And moss, that glows as fresh and green
As though beneath an April cloud.—

Who says the widow's heart must break,

The childless mother sink?—

A kinder truer voice I hear,

Which even beside that mournful bier

Whence parents' eyes would hopeless shrink,

Bids weep no more-O heart bereft,

How strange, to thee, that sound!

A widow o'er her only son,

Feeling more bitterly alone

For friends that press officious round.

Yet is the voice of comfort heard,

For Christ hath touch'd the bierThe bearers wait with wondering eye, The swelling bosom dares not sigh, But all is still, 'twixt hope and fear.

Even such an awful soothing calm
We sometimes see alight

A a

On Christian mourners, while they wait
In silence, by some church-yard gate,
Their summons to the holy rite.

And such the tones of love, which break
The stillness of that hour,

Quelling th' embitter'd spirit's strife—
"The Resurrection and the Life

"Am I believe, and die no more."


Unchang'd that voice—and though not yet The dead sit up and speak,

Answering its call; we gladlier rest

Our darlings on earth's quiet breast,

And our hearts feel they must not break.

Far better they should sleep awhile

Within the church's shade,

Nor wake, until new heaven, new earth,

Meet for their new immortal birth

For their abiding place be made,

Than wander back to life, and lean

On our frail love once more.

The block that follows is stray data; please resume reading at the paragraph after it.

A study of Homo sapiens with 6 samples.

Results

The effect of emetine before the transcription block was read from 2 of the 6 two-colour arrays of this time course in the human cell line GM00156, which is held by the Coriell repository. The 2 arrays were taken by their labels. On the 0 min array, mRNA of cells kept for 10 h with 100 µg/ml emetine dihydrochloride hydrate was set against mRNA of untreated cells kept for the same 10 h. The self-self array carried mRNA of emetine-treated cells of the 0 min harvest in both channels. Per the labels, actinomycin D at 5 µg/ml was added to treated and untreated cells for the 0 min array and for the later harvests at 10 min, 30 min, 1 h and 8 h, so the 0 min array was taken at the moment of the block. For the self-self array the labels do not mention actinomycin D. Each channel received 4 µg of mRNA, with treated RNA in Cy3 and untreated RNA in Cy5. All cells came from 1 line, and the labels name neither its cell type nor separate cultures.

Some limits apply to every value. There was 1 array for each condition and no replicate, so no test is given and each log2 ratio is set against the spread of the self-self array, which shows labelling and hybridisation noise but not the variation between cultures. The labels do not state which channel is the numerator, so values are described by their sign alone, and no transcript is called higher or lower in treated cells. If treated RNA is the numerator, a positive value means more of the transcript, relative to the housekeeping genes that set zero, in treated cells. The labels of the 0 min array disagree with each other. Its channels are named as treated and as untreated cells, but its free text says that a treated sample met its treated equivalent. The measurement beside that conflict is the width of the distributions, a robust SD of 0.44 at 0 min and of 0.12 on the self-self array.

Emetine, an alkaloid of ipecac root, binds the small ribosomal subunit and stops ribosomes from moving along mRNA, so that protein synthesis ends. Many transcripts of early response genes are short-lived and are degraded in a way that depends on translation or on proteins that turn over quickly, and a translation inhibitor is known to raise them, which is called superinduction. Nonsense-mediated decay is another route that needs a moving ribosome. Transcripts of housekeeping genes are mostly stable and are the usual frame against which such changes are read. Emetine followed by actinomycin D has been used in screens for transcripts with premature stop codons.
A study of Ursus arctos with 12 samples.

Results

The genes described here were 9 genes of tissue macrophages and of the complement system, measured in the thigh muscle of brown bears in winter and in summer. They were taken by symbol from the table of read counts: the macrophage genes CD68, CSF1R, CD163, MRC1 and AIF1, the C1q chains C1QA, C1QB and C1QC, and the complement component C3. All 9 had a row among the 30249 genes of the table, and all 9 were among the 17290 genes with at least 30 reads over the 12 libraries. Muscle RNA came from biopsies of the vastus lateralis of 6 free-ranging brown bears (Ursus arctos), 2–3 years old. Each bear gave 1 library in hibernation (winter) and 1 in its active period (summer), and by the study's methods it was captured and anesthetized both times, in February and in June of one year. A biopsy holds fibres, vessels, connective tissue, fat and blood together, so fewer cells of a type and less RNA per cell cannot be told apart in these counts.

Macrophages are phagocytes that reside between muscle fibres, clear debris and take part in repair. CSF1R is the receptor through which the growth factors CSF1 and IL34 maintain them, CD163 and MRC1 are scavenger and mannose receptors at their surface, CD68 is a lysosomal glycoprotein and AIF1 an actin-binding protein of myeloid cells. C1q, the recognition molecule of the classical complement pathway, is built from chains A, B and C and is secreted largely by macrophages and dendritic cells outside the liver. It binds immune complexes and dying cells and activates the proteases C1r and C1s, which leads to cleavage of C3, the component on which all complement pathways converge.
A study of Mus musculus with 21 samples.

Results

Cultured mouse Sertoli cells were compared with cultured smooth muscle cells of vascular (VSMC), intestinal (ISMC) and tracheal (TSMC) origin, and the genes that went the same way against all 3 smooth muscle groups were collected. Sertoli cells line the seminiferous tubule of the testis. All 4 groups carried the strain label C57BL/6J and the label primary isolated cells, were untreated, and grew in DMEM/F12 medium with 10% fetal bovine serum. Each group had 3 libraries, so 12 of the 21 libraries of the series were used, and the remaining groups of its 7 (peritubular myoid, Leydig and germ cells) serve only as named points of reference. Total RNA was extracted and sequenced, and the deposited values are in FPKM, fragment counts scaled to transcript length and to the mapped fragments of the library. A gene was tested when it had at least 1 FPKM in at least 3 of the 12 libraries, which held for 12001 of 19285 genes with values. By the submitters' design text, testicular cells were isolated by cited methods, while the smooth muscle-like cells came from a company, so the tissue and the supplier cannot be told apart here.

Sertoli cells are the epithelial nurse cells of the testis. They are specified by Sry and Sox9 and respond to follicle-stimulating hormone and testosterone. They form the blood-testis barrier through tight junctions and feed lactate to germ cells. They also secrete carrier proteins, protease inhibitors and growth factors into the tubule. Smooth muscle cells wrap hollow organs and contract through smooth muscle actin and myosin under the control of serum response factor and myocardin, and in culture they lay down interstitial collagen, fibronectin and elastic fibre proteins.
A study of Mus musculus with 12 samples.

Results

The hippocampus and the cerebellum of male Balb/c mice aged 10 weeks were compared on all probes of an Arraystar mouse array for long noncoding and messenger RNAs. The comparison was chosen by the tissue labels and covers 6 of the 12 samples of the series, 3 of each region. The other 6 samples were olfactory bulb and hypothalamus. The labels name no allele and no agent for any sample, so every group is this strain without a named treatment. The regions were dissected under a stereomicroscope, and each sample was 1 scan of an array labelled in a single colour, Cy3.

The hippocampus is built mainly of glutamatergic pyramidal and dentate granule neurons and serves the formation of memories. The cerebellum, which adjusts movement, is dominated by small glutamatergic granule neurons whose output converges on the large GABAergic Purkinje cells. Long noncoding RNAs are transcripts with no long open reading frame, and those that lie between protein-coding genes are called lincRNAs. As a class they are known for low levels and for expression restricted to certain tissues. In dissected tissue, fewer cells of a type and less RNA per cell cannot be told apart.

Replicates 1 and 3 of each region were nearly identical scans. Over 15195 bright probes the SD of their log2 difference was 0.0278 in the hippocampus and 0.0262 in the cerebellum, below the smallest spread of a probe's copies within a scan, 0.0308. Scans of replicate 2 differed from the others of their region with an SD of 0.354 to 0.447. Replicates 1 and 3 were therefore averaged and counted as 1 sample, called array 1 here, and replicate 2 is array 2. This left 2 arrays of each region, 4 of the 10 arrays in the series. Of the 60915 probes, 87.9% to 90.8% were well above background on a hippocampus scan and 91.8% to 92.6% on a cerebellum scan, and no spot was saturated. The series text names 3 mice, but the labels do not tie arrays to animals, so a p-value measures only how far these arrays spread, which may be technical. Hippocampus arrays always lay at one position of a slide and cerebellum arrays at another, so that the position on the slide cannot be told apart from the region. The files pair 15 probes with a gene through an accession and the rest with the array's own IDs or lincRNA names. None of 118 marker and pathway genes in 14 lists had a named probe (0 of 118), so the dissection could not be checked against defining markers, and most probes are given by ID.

'Tis sweet, as year by year we lose Friends out of sight, in faith to muse How grows in Paradise our store.

Then pass, ye mourners, cheerly on,
Through prayer unto the tomb,
Still, as ye watch life's falling leaf,
Gathering from every loss and grief
Hope of new spring and endless home.

Then cheerly to your work again
With hearts new-brac'd and set
To run, untir'd, love's blessed race,
As meet for those, who face to face

Over the grave their Lord have met.


Is there, in bowers of endless spring,
One known from all the seraph band
By softer voice, by smile and wing

More exquisitely bland!

Here let him speed: to-day this hallow'd air Is fragrant with a mother's first and fondest prayer.

Only let Heaven her fire impart,

No richer incense breathes on earth:

"A spouse with all a daughter's heart,"
Fresh from the perilous birth,

To the great Father lifts her pale glad eye,
Like a reviving flower when storms are hush'd on high.

O what a treasure of sweet thought

Is here! what hope and joy and love

All in one tender bosom brought,

For the all-gracious Dove

To brood o'er silently, and form for heaven Each passionate wish and dream to dear affection given.

Her fluttering heart, too keenly blest,
Would sicken, but she leans on Thee,
Sees Thee by faith on Mary's breast,
And breathes serene and free.

Slight tremblings only of her veil declarea

Soft answers duly whisper'd to each soothing prayer.

We are too weak, when Thou dost bless,

To bear the joy-help, Virgin-born!

By thine own mother's first caress,

That wak'd thy natal morn!

Help, by the unexpressive smile, that made

A heaven on earth around the couch where Thou wast


a When the woman comes to this office, the rubric (as it was altered at the last review, directs that she be decently apparelled, i. e. as the custom and order was formerly, with a white covering or veil. Wheatley on the Common Prayer, c. xiii. sect. i. 3.